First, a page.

In Nigeria’s Middle Belt, the conflict between cattle herders and farmers has intensified. Disputes have centered around an expanding agricultural population, land scarcity for both cattle grazing and farming, and has, in turn, created this cycle of conflict where neither of the two groups’ needs are met. Various news outlets have reported the death toll to be about 4,000 and as having been fueled by an ethno-religious dimension, seeing as conflict exists primarily between Muslim Fulani herders and Christian farmers of various ethnic groups. Bloomberg’s latest report on the Nigerian conflict states that it is only traveling further south.
Questions of land distribution have been looming over the country since the days of British colonization and continue to be a prominent issue affecting the Nigerian political landscape, but it is critical to understand the issue at hand as multi-faceted and being the result of a number of different issues that affect each other. The director of Amnesty International Nigeria makes the case in its 2018 report that the conflict “has nothing to do with religion or ethnicity; it is largely about land access and grazing.” The director further goes on to say that the government has a hand in exacerbating the conflict by politicizing it in a manner that brings stark religious or ethnic divisions into the equation. Therefore, the conflict begins to resemble existing narratives of ethnic and religious strife.
Taking a closer look at this particular conflict and the specific needs of both cattle herders and farmers to make a sufficient living, more people have been pointing to the state of the environment as being an integral part of the conversation as arable land becomes harder to come by, displacing both herders and farmers. Continued land degradation and resource scarcity that has resulted from changing climate patterns have brought the farming and herding populations closer together, affecting the livelihoods and income of both groups. In efforts to crush the root causes of conflict and violence, recognizing and combating the environmental degradation of climate change are as crucial in the long run as curbing ethnic and religious strife for the purpose of protecting both the human and economic security of the Nigerian people.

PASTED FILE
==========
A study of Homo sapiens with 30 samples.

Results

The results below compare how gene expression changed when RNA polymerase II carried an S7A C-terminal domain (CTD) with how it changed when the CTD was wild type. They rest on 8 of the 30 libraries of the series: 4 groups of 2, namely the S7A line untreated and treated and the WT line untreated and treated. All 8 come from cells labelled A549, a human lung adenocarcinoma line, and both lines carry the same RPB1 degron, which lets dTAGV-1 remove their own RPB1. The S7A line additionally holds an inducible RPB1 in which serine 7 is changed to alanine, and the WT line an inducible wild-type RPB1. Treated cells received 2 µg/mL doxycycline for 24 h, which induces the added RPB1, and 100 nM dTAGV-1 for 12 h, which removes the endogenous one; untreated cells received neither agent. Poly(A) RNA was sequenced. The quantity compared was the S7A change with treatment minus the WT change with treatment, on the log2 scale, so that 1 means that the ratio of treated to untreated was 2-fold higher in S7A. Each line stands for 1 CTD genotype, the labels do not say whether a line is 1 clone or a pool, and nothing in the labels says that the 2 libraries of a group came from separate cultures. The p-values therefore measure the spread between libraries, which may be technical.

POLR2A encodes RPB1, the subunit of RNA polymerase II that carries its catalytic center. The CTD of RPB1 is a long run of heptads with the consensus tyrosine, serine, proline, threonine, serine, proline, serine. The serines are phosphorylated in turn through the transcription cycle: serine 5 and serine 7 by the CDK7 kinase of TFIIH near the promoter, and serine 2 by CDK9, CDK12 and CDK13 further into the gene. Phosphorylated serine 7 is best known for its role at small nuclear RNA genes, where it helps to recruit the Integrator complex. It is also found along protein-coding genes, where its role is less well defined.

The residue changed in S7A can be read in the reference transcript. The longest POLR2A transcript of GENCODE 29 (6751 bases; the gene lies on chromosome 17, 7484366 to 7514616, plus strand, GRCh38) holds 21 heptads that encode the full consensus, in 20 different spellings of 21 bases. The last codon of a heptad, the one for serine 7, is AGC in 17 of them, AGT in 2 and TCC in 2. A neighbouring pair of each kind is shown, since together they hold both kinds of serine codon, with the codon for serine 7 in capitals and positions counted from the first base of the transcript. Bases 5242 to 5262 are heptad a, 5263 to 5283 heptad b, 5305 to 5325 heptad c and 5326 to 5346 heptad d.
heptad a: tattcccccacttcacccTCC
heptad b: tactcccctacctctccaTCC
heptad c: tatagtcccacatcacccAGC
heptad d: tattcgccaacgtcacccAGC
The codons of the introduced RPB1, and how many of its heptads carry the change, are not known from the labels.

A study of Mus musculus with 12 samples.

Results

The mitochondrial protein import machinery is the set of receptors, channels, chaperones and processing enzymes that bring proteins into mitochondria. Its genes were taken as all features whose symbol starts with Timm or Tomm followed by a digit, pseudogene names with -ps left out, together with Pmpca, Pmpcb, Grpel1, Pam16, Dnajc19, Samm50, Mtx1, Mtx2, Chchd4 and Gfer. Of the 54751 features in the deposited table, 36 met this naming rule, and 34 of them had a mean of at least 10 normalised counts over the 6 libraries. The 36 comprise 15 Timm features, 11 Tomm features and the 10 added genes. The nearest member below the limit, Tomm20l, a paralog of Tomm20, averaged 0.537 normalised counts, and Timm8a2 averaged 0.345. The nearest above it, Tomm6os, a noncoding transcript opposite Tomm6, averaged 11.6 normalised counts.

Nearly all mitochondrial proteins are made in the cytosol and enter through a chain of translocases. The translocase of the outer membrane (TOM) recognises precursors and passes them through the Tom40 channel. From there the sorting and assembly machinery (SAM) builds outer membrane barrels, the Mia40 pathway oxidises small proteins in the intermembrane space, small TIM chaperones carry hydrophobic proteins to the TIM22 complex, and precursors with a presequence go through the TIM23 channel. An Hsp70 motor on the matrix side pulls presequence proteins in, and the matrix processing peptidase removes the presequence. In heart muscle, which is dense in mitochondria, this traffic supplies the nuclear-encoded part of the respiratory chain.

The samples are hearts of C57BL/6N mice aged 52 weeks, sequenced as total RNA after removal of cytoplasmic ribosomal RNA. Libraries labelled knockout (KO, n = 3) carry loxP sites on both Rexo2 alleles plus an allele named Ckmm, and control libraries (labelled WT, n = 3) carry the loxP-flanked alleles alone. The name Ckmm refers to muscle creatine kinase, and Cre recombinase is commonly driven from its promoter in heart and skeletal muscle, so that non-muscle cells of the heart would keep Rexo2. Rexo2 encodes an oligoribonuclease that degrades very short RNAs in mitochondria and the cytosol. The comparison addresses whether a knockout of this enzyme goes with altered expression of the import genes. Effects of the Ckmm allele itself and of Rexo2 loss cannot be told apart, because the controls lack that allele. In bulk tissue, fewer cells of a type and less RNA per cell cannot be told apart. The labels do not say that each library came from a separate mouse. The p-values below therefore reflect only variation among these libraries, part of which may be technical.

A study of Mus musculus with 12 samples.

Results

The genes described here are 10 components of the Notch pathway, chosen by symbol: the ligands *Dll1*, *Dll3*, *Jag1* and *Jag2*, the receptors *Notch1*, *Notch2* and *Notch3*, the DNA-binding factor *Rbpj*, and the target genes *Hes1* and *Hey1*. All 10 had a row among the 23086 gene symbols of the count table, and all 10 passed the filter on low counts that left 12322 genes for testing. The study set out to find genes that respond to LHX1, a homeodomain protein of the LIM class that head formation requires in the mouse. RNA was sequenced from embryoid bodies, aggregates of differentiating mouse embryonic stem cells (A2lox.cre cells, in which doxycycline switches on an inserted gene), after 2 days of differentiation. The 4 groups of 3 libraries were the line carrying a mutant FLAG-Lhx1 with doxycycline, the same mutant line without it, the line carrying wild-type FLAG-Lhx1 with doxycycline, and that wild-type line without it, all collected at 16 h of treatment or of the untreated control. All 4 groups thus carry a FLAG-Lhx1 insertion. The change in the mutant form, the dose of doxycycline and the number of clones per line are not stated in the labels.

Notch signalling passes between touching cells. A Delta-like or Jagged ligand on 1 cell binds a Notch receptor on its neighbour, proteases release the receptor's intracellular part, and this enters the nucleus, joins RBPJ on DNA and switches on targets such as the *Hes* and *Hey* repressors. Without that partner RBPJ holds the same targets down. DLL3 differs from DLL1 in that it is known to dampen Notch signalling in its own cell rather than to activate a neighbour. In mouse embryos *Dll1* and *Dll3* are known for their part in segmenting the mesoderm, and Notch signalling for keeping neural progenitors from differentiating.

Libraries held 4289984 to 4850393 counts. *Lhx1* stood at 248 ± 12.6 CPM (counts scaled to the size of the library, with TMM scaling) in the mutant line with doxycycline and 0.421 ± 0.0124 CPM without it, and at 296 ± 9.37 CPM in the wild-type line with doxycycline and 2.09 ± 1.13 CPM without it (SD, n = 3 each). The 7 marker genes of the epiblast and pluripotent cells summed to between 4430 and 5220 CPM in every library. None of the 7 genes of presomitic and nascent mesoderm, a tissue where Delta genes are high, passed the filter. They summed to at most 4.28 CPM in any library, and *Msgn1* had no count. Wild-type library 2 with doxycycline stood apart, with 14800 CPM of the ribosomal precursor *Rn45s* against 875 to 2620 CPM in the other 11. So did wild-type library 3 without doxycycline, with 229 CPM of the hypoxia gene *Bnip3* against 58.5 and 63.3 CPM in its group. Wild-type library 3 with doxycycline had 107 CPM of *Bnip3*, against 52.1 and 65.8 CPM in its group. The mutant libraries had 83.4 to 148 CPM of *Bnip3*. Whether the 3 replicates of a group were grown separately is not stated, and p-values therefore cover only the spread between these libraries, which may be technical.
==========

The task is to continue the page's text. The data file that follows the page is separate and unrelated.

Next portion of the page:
The Buhari government has decided to invest in “Ruga settlements”, which would distinguish grazing areas in hopes of reducing clashes among the two groups, but there have been accusations from some community members that this will be a means of Islamizing the state. But experts, including members of Amnesty International Nigeria, have said that there is potential for the Ruga settlements to be a compromise for both herders and farmers. However, the government will need to act with caution by promoting a dialogue between populations, removing the partisan valance from these actions to prioritize the needs of both communities, and ensuring that land the government has no rights to is not seized in the settlement process. It is clear that both sides want to live in peace, and the government has a responsibility to achieve these ends.
In addition to these measures, there needs to be attention paid to the environmental aspects of the conflict, as environmental detriment has long-lasting and even irreversible effects. Just as ethno-religious conflict is understood as an issue of national security, climate change should be seen through the lens of compromising national security as well. It is imperative that this issue is examined in its totality if there is to be a discourse about long-term peace and stability as it relates to this conflict between cattle herders and farmers.